How Much Does a Veterinarian Make?

January 11, 2022

For Veterinarians

January 11, 2022

If you are pursuing a career as a veterinarian, you may be wondering if your salary will reflect the many years of study and toil to gain your Doctor of Veterinary Medicine (DVM) degree. While the profession is economically stable, and salaries tend to increase each year, the field you choose and where you settle will strongly influence the impact on your bank account every month. Average veterinary salaries in the United States currently range from $78,500 to $108,500 annually, but salaries as low as $40,000 and as high as $200,000 have been reported.

Compensation for new veterinarians

A new veterinarian’s salary depends on whether they decided to seek further training, and their chosen field.

  • Interns — Veterinarians who choose to pursue an internship to gain mentored training and experience receive about $35,423 a year. This amount drops to $28,372 if the internship is at an academic institution. Veterinarians who complete an internship can usually demand more money once they enter practice.
  • Companion animal veterinarians — Most veterinarians become companion animal veterinarians, treating cats, dogs, and other small animals, including hamsters, gerbils, and rabbits. Their average starting salary is $87,000.
  • Large animal veterinarians — Veterinarians who treat farm animals typically have a starting salary around $75,000. Mixed practice, zoological, and exotic animal veterinarians also start at about this salary.
  • Equine veterinarians — Veterinarians who solely treat horses receive about $50,000 as a starting salary.

Veterinary compensation by experience level

Typically, a veterinarian’s salary increases as they gain more experience. These numbers also can vary, depending on the field of veterinary medicine practiced.

  • Entry level — First-year veterinarians who start directly in private or public practice typically make between $70,000 and $85,000. 
  • Mid-level — Veterinarians who have been in practice for a few years make $84,555 on average.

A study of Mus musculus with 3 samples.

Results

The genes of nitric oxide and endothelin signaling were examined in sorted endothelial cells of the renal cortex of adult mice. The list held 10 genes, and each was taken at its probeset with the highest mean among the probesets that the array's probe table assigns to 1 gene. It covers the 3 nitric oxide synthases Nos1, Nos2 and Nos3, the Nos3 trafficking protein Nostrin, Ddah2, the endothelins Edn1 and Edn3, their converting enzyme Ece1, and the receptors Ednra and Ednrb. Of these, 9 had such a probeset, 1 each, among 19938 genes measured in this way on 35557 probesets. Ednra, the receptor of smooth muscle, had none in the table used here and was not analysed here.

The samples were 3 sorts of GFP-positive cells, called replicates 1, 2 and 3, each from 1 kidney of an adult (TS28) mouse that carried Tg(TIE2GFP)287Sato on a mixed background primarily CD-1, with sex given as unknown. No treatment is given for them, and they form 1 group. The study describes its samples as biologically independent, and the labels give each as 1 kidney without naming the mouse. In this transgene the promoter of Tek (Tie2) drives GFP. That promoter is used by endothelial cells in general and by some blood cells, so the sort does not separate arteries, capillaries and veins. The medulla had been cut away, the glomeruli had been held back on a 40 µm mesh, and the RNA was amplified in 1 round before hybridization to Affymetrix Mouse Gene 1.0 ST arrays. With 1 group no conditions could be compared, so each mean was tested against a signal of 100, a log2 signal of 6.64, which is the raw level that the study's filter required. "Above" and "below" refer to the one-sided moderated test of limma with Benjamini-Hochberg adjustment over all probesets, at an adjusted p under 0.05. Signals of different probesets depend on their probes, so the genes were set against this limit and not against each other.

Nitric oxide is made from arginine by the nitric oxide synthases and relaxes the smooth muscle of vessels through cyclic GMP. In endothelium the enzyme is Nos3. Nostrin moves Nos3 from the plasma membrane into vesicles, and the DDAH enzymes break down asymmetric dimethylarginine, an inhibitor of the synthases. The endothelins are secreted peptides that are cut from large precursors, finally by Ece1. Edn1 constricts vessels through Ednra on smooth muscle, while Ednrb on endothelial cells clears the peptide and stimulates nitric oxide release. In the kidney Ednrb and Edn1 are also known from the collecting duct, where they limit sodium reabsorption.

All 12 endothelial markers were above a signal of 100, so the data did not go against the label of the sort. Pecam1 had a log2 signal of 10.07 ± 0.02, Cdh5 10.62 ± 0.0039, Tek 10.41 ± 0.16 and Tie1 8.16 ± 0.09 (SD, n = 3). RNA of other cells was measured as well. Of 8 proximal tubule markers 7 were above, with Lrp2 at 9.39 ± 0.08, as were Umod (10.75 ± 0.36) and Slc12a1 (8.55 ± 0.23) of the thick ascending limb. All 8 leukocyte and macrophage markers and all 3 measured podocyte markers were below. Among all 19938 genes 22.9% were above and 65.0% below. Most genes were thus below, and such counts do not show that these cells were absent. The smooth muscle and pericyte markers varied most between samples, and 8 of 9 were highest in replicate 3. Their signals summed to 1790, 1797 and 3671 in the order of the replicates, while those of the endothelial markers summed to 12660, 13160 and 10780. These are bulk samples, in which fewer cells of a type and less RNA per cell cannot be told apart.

• Experienced — Veterinarians who become partners in practice have higher earnings than those who remain associates. Their average income is $91,752, but can be as high as $143,000, including salary, profit sharing, and dividends.
  • Specialized — Veterinarians who participate in additional training through a residency program and become board certified in a specialty receive incomes exceeding $150,000 a year. Ophthalmologists, who average about $200,000, are the highest paid.

Veterinary compensation by practice type

Although most veterinarians work in private practice, veterinarians are needed in various industries, including law enforcement, military branches, scientific research, and public health.

  • Consulting — Veterinary consultants provide industry guidance to other veterinary practices to improve business performance. They evaluate staff performance, examine financial statements and clinic budgets, and review training procedures, to determine which areas require improvement. Their average salary is about $150,000 a year.
  • Education — Veterinary professors are responsible for teaching veterinary students and caring for the animals that are presented to the veterinary teaching hospital. Their average salary is about $120,000 a year.
  • Research — Research veterinarians perform studies to further understand animal and human medical issues, and are paid an average annual $110,000 salary.
  • Public health — Veterinarians who work in public health consult with physicians, legislators, and health departments to control diseases that humans can get from animals and animal products. Their average salary is about $88,490 a year, but their income can range from $53,210 to $158,260 annually.
  • Companion animal practice — Veterinarians treating dogs and cats typically make about $110,000 annually.
  • Food animal practice — Veterinarians treating cows, pigs, sheep, and goats typically make about $100,000 a year.
  • Equine practice — Veterinarians treating horses typically make about $90,000 a year.
  • Relief veterinarians — Relief veterinarians fill in for practices when regular veterinarians are absent. They typically make between $142,405 and $187,427 a year.
  • Government and military — Veterinarians who provide care for military therapy or security dogs receive about $100,000 a year.
  • Non-profit practice — Veterinarians who work for non-profit rescue organizations make about $90,000 a year.

While money is not typically the motivating factor for those pursuing a veterinary career, knowing what salary to expect can be helpful when choosing the field you want to work in, and where you want to practice. If you are looking for a veterinarian in your area, VetVet can help you find the best care for your pet.

Sources: The balance careers. November 2019. American Veterinary Medical Association. Association of American Veterinary Medical Colleges. April, 2020. U.S. Bureau of Labor Statistics. May 2020.